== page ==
Luke Pedersen and James Lennard share an easy rapport that betrays a close friendship forged on countless surfing excursions to Noordhoek, Elands Bay, and other points along the South African coast. To some degree, that laid-back sensibility has set the tone for Pedersen + Lennard, the thriving furniture-design business that they started in Cape Town in 2008.
“We studied together in Cape Town,” Pedersen says. “We had a nice opportunity to develop a working relationship without it being a business, and we basically just turned all our school projects into joint projects. It’s a sneaky way of getting things done faster so you can go home and surf.”
To stereotype them as a pair of carefree surfer dudes, however, would be to give short shrift to the meticulousness and intelligence with which they have approached their business since reconnecting two years after school. (Lennard spent the time apart skiing in Colorado before venturing down to Mexico and Costa Rica, while Pedersen studied design at Malmö University, in Sweden.) “We got back here and were like, ‘What are we doing?’” Pedersen says. “Neither one of us wanted to work for anyone else.”
Drawing on their Scandinavian heritage and a mutual appreciation for traditional African craftsmanship, the duo have helped satisfy a growing demand for homegrown South African design by creating deceptively simple furniture, much of which fuses varnished steel with oak, ash, and other woods. They had a hit almost immediately with their Bucket Stool—a galvanized, powder-coated steel bucket, handmade in the townships outside Cape Town, set on birch plywood legs. The stool, whose padded seat flips over to become a tabletop, quickly attained iconic status in South Africa; earlier this year, Visi magazine listed it among the “local design milestones that have shaped our country’s architecture and interiors.”
“When we started, it was very fast for us to get relative fame locally because there was just nothing else out there,” Pedersen says. “I think it was a lot easier for us than it would be now. In the last five years, it’s really got pretty saturated with young designers and new businesses.”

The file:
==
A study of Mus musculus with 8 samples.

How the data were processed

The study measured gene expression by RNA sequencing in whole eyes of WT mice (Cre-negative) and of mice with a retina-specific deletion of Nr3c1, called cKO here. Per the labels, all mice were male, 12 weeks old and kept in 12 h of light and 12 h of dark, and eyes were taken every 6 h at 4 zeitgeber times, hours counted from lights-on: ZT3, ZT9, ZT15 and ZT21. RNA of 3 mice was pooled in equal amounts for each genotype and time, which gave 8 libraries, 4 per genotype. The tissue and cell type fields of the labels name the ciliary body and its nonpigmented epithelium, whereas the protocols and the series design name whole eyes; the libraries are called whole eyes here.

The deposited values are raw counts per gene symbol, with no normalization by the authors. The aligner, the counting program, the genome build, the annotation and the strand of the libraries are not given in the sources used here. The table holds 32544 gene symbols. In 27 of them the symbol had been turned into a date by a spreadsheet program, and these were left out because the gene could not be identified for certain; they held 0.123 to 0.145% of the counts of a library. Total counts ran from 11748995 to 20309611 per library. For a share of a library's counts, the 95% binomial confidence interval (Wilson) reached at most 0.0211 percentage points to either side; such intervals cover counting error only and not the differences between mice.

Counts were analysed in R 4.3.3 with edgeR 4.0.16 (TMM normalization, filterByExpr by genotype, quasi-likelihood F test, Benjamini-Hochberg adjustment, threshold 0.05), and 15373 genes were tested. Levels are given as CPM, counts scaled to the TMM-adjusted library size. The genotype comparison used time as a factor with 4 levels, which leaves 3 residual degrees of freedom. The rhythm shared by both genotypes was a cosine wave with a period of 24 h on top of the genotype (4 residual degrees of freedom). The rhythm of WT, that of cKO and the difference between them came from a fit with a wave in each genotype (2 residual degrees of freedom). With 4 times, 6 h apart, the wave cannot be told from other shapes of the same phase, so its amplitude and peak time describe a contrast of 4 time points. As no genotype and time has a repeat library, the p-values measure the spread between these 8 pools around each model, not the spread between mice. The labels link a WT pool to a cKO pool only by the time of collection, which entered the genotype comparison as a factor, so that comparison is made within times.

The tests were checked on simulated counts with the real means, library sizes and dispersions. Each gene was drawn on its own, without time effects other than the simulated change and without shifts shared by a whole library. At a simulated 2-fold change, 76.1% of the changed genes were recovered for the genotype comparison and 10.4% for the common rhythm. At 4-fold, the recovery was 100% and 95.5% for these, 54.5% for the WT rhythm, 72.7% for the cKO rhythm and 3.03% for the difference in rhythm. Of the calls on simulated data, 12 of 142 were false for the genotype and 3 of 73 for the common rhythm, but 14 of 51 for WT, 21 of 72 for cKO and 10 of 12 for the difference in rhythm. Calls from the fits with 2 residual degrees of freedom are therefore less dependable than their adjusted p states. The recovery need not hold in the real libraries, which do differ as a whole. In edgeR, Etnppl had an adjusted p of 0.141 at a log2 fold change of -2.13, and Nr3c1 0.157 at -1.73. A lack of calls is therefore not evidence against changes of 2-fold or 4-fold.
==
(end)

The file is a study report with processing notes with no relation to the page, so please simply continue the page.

By 2010, successful but not yet able to afford a traditional showroom, Pedersen and Lennard struck upon a novel workaround: They opened Field Office, a downtown Cape Town coffee shop that doubles as a showcase and retail outlet for their furniture. They provided free wi-fi—a novelty in South Africa even now—and encouraged people to hang out and work or read. It did well enough that they opened a second one in the Woodstock Exchange, a collection of design boutiques and studio spaces in a former industrial center east of downtown Cape Town, setting up an adjacent office and factory where most of their 17 employees now work. The shops—including a third Field Office that opened in a residential part of Woodstock in June—have proved an effective way for Pedersen + Lennard to build a strong brand identity and a devoted customer base.
“We’ll do an auction, probably annually, of all the furniture that’s being used in the coffee shop,” Pedersen says. “It’s like R&D for us to see how long things last under heavy pressure, but at the same time it gives a chance for our loyal customers to buy our furniture at a quarter of the price. We do a fan evening with coffee and beers, and we get a local guy to come and run the auction. It’s a fun thing for us; it pays for us to restock the showroom.”
Six years in, Pedersen and Lennard find themselves surveying a South African design landscape that’s much more fertile and crowded than it was in 2008. “When we started, our aim was to be cheaper than the existing guys but have our products still be of good quality,” Lennard says. “And we seem to have achieved that. But now we have to find our next point of difference.” Pedersen says that is likely to be a renewed focus on the South African market.
“We do export quite a lot of stuff, and we have a lot of interest in a lot of countries,” including the United States, he says. “And I think that’s cool, but it’s not as cool as the local market for me. There are great designers in other countries that can supply their own markets, you know? I’m not saying that you have to be a purist and say, ‘I’m not going to export.’ We do export, but I think still the focus is here.”